From: Mathias Gaunard (mathias.gaunard_at_[hidden])
Date: 2010-10-13 05:52:36

On 12/10/10 09:06, David Abrahams wrote:

> Nice for very linear things. Not so great for sort, binary_search,
> reverse, rotate, ...

Yes, since those require either bidirectional or random access iterators.

Ability to stop the iteration could be a useful addition to make the
concept have more applications.
In functional languages, people seem happy to use exceptions for that;
but I assume that certainly wouldn't be the case in C++.

In any case, linear operations or filters represent in my opinion a
large enough spectrum of what people do with iterable ranges of data
that it could be worthwhile to have concepts that allow them to be
efficient, even if it cannot apply to other cases.

> It may not matter that it isn't easy, if you really want generic capability.

But do we want generic capability at the cost of complicated code which
is hard to optimize?

>> Of course, there is the drawback that it makes the code using the
>> iteration primitive somewhat more complicated: but so do segmented
>> iterators. There are also several other drawbacks, in particular
>> tied to the fact that it cannot be conceptually much more than a
>> forward iterator.
> ...nor even implement several of the algorithms that work with forward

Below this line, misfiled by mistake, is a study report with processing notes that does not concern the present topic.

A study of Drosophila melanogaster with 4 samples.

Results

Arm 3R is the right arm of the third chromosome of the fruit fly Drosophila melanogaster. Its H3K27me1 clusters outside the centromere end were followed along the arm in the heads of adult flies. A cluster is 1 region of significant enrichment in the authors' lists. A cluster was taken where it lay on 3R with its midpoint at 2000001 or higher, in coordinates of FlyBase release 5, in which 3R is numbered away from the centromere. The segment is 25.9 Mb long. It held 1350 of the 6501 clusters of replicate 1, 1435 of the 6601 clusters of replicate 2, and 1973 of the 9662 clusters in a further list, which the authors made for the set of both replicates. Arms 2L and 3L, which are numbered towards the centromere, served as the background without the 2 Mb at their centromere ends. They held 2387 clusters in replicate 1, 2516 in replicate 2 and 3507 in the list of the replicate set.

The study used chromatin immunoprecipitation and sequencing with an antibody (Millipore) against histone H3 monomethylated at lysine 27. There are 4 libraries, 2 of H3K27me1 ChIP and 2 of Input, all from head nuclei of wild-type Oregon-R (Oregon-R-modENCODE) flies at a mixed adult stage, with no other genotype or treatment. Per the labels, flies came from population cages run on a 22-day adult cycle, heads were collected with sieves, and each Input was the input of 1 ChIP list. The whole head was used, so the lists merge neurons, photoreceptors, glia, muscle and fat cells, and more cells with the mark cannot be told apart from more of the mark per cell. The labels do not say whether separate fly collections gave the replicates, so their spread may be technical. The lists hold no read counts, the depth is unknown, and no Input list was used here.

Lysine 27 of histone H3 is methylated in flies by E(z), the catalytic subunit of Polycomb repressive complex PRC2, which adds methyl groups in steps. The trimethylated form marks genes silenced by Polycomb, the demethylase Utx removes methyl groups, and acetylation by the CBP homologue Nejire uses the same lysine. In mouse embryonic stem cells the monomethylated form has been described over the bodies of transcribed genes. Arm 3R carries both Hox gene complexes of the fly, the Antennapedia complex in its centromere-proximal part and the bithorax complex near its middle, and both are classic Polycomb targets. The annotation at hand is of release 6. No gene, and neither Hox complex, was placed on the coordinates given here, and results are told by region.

> iterators.

Do you have some examples?

>> There is also an extra advantage I hadn't considered that I thought of
>> when considering SIMD:
>> - It is possible to push different types of data and have them
>> statically dispatched through overloading. Heterogeneous structures with
>> a pull paradigm require a dynamic dispatch.
> I'm sorry, I can't understand what you're driving at here.

struct my_iteration
     void operator()(float f)

     void operator()(packed_view<float, 4> v)

for_each(simd::packed_range(mystuff), my_iteration());


for(packed_view<float, 4> v : simd::packed_range(mystuff))

Using a pull solution for iteration, the former /could/ take care of the
non-aligned cases at the beginning and at the end of the mystuff range
through overloading.

> Although what you're describing is easier to make efficient for many
> (perhaps even the majority of cases), it doesn't sound like it
> actually has the same level of generality as segmented iterators do.

Segmented iterators still allow bidirectional support, indeed (I think?).
But I'm note sure it can do random access as well, if you consider
recursively segmented local iterators.

I believe writing a zip_iterator (or similar) would be no easier for
segmented iterators than for generators due to the arbitrary recursion.